In 2013, the original Xbox One was bundled with the futuristic voice-assisted Kinect camera, which allowed you to control your TV via the console's IR blaster while incorporating voice navigation across the entire OS. The bungled bundling inflated the console's retail price, however, leading Microsoft to eventually drop Kinect from the package, and later, from development altogether.
One of the most frustrating things about the death of Kinect was the loss of voice commands for those who upgraded to an unsupported Xbox One S or Xbox One X and weren't fast enough to snap up the now-discontinued Kinect USB adapter. Thankfully, we're getting some of that functionality back, starting today.
Xbox, Alexa, Cortana and you
As we exclusively revealed, Amazon Alexa and Cortana devices, such as the Amazon Echo and the Harman/Kardon Invoke, will now be able to receive and send voice commands to your Xbox One console. Although it'll only be available for a subset of Xbox Insiders in the U.S. for the time being, it should roll out more broadly as we head towards the next major OS release, or "Redstone 5," this fall.
Xbox integration with Alexa and Cortana is simply a skill you can activate on either of those platforms. Once you have signed in and set it up via your Amazon account, it automagically connects to your Xbox console over the internet. While it probably won't be as speedy as the 2013's native Kinect voice commands, it will at least be supported and give users a wider range of options for interacting with their consoles. And you won't need a pricey Alexa or Cortana speaker to get this working; you'll be able to use it via the associated mobile phone apps on Android and iOS, or a Windows 10 PC. It should even work on Windows 10 Mobile.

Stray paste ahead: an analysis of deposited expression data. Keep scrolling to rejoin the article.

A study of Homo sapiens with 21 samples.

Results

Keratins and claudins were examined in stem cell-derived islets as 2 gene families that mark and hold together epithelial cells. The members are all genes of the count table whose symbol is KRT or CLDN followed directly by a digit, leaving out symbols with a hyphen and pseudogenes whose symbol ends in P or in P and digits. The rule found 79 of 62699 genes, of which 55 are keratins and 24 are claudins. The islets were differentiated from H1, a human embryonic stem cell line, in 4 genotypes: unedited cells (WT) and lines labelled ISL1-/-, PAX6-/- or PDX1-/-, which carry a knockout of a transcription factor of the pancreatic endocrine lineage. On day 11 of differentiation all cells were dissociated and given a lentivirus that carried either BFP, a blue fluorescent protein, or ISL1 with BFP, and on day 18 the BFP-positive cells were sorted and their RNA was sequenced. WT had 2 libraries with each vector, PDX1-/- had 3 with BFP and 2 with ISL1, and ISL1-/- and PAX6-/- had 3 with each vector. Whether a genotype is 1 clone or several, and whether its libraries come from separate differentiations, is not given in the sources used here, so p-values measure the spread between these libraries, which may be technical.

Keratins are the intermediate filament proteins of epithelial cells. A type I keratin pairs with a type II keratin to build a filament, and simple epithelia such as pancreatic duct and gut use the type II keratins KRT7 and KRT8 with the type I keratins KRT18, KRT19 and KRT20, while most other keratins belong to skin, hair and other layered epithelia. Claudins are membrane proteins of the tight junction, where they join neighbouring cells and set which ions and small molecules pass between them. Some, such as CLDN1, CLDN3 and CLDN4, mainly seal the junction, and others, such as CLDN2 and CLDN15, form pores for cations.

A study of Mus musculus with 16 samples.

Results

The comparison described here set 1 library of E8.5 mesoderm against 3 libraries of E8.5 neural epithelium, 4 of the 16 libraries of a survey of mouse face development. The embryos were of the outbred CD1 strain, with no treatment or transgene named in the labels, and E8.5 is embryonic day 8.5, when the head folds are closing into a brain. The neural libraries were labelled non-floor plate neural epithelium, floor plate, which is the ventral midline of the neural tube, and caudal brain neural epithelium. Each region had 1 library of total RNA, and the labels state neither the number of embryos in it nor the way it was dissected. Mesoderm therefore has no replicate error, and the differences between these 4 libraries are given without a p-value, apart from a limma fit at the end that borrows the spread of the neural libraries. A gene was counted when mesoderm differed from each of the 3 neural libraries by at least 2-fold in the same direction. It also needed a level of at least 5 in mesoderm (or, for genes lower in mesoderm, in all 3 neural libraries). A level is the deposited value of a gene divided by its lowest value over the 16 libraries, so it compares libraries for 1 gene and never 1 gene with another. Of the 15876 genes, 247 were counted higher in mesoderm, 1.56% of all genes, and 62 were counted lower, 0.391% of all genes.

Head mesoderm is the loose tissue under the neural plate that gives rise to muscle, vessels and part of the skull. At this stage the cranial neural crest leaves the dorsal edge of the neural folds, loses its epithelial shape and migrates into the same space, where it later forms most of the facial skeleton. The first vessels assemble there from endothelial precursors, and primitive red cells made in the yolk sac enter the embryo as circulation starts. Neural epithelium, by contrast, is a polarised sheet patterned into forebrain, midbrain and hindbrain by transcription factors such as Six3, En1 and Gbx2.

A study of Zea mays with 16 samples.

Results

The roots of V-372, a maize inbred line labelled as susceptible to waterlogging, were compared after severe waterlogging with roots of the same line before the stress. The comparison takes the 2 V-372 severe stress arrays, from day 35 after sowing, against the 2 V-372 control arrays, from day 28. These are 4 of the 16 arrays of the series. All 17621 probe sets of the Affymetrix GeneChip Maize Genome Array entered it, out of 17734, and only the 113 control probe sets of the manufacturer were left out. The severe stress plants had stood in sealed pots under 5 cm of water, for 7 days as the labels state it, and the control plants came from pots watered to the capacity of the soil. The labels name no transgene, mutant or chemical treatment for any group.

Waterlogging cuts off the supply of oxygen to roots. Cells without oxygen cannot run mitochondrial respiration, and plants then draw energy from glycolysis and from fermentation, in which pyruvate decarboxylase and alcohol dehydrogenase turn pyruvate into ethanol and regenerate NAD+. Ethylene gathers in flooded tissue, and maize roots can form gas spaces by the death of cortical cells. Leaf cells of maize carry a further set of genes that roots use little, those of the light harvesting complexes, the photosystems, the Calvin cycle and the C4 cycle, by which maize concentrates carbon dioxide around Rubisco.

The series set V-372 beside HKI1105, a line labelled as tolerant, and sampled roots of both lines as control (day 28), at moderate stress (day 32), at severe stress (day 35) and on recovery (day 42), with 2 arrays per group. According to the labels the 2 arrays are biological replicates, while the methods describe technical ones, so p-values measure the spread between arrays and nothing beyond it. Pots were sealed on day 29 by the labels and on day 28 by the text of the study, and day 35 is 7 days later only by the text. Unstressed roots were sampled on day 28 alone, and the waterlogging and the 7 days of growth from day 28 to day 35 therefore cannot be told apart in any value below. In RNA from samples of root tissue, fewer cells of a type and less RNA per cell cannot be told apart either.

The new skills actually have a few tricks that even Kinect didn't have, since they don't require the Xbox to actually be turned on to work. Standard things like adjusting volume, launching apps, taking screenshots and clips, and starting Mixer broadcasts, will all function as you would expect. However, moving beyond even Kinect's capabilities, you'll be able to say "Cortana, start Rocket League," and your speaker will boot up your console, sign in, and launch the game from a powered-off state. For some commands, it seems that you'll have to say "Alexa, tell Xbox to" as the initial command, to avoid overlapping commands like "turn up the volume."
How can you get it?
The features will remain in beta so Microsoft can work out the kinks and bugs, but if you're an Xbox Insider and you want to get started, here's how. Microsoft says it will roll out gradually for Insiders over time, likely starting with the Alpha ring.
Xbox voice support for Cortana
Just follow these steps:
- Head over to here to activate the new Cortana Xbox skill for your Microsoft account.
- Now, you should be able to begin issuing commands to any Cortana device that shares the same Microsoft account.
- Say "Hey Cortana, ask Xbox what can I say?" for suggested commands.
Xbox voice support for Alexa
Just follow these steps:
- Head over to here to activate the new Alexa Xbox skill for your Amazon and Microsoft account.
- Alexa should then attempt to discover your Xbox, follow the instructions on the skill's page to get set up.
- Say "Alexa, ask Xbox what can I say?" for suggested commands.
A long time coming
Why it has taken this long to bring this functionality back to Xbox is bewildering, but at least it's here. Cortana support for Xbox was announced a couple of years back, but it finally looks like Microsoft is actually capitalizing on making the feature useful, while enlisting the help of Amazon to bring voice commands to devices you may already own. Our previous information seemed to indicate Google Assistant support was on the way too, but for whatever reason, it hasn't made it into this release. For Google Assistant fans, a Microsoft spokesperson responded to let us know that the company is always evaluating additional features, and will listen to user feedback.
You can grab an Alexa-powered Echo Dot for as little as $49 on Amazon, and the pricier, but more powerful Harman Kardon Invoke clocks in at around $100 via the Microsoft Store. If you're a Sonos fan, the Alexa-powered $200 Sonos One will also work and is a great option.